19 July 2009

Kiikala - Hyvinkää

Saturday morning a small group of enthusiasts gathered at Kiikala airfields to enjoy a quite rare day with light winds. We started towing early to give fresh and less experienced pilots a chance to fly in light conditions. After a couple of hours the thermals were gaining in strength, as shown by Juha N who in the maiden flight of his new Rush2 managed to get and stay up for a while. Little later Mika S and myself decided it was time to get ready for cross-country flying.
Mika had planned to fly to Nummela or Hyvinkää airfields. As both are located withing restricted airspace he had programmed the various areas into his navigation instrument. And checked the ceilings for the days with flight control. I simply looked at the map and decided to shoot for Vesivehmaa airfield, a distance of approx. 134 km.

As happens quite often, we turned out to be a bit too optimistic. In a band laying over the southmost part of the country there clearly was a drier, or more stable, airmass in which very few cumulus clouds appeared. We could see that some 20-30 km to the North much better conditions were to be found.
So it was not a big surprise that in our first couple of tries we could not really get up. At best I encountered a waekish thermal that drifted quite fast, the north-westerlies aloft seemed as strong as predicted. However, the same winds brought the "good" weather slowly closer. Once I was up for the third time I found a strong thermal that took me up to cloudbase, albeit that the cloud desintegrated once I'd reached it. It looked too difficult, and probably futile, to wait for others to join me so I set off towards my far away goal in the north east.

The first couple of hours the flying felt really difficult, largish areas with strong sink were interleaved with thermal areas, but in those it was hard to find the narrow cores that were needed to really get up. Once found those cores were excellent, often 5 m/s up! The route however, was perpendicular to the main flow and hence I had to hop from (sometimes invisible) cloud street to the next. The same north-westerlies pushed me all the time towards the restricted areas.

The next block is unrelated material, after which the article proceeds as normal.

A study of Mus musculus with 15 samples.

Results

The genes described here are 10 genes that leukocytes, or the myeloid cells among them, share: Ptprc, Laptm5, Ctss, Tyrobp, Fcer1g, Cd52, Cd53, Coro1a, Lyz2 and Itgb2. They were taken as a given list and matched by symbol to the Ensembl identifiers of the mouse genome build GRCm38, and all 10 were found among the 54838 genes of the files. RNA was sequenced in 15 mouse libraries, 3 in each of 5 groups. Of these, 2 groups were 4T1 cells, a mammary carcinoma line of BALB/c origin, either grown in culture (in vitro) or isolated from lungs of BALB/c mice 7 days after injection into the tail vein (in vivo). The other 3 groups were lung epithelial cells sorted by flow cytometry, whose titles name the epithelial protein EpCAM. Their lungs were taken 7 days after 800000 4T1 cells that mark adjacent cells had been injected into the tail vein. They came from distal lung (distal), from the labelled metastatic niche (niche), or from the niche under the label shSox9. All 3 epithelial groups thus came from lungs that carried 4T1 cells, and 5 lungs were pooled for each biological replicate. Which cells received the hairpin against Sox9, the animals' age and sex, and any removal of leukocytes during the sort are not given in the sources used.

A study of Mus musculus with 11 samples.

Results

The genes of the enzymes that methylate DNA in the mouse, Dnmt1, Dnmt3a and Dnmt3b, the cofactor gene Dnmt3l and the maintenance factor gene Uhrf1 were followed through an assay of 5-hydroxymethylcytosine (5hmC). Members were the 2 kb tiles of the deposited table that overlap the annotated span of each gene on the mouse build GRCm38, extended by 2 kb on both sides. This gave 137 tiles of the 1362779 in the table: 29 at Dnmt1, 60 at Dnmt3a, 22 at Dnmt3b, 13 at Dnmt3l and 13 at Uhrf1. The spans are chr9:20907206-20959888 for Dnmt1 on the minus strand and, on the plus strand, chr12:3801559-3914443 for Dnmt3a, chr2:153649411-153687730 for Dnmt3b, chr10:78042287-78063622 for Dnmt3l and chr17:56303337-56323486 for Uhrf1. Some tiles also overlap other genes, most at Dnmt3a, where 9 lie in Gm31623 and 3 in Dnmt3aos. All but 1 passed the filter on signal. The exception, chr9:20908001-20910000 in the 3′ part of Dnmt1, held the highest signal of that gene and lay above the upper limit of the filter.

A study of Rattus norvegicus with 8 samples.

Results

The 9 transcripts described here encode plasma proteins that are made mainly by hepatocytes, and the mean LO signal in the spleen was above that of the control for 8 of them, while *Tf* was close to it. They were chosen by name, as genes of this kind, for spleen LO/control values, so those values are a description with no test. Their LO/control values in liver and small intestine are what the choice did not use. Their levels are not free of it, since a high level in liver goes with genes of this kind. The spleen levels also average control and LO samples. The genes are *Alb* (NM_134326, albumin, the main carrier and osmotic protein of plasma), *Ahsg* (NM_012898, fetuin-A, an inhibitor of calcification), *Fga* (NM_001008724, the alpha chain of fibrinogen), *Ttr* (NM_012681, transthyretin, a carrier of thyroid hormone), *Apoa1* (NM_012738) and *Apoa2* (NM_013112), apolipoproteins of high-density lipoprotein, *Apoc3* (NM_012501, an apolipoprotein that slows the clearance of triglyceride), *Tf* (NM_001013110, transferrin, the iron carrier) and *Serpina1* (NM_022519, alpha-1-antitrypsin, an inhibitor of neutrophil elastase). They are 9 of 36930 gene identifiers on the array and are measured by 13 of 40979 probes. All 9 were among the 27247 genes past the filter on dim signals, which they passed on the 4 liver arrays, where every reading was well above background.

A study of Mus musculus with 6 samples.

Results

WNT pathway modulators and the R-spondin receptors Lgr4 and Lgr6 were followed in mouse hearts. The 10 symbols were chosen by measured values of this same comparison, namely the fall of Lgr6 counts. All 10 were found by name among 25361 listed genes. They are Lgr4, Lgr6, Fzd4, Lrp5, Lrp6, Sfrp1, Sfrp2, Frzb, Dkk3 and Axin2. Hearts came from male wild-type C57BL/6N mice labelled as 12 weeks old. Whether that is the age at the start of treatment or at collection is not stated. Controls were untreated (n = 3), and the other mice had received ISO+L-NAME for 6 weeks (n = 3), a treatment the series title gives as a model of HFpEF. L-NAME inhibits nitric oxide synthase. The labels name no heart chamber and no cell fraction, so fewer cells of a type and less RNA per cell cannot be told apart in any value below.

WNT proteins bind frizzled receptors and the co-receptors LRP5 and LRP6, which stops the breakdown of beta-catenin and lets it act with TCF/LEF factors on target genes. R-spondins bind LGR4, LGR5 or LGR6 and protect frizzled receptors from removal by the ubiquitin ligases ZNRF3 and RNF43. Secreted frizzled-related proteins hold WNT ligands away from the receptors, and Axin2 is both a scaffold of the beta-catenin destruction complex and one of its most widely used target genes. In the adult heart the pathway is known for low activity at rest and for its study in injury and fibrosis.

But after a while I managed to get into that better airmass and this made things a bit easier. Now there were more clouds, that lived longer and formed clearly visible streets. I used one of those streets to fly straight into the wind, hence positioning myself into a more favourable location for the next few jumps.
But after some 4 hours of intensive flying I'd only come to withing 69 km of the goal, and was getting rather tired. When in front of me there was a large area with no clouds, and to my right a beautiful cloud street to the Hyvinkää airfield, I decided to change my course. Soon I was spiralling down to the airfield where I saw some other paraglider pilots packing up. After almost 5 hours I was welcomed by Ari and Kimmo (in the picture) who had been flying tandem passengers all day.

Although the going had been really slow the track shows nicely how one often had to make significant route adjustments to make progress. Some pilots call this the "chess" aspect of cross country flying. One has to think and look ahead to avoid getting stuck. This day had almost all possible challenging factors: a strong cross wind that required many "jumps" from lift bands (cloud streets) through sink areas, many lakes that cause areas with no lift, largish wooded areas with no landing options, and airspaces that should be avoided or where one has to stay below a ceiling altitude.

Little later Mika called us and informed that he was some 10 km west of the airfield. Once we'd packed up the Hyvinkää towing gear Kimmo brought Mika and me to the Hyvinkää station where we only had to wait a couple of minutes for the next train to Helsinki. Meanwhile Juha K saved our day by driving my car and Mika's keys to Helsinki, thanks!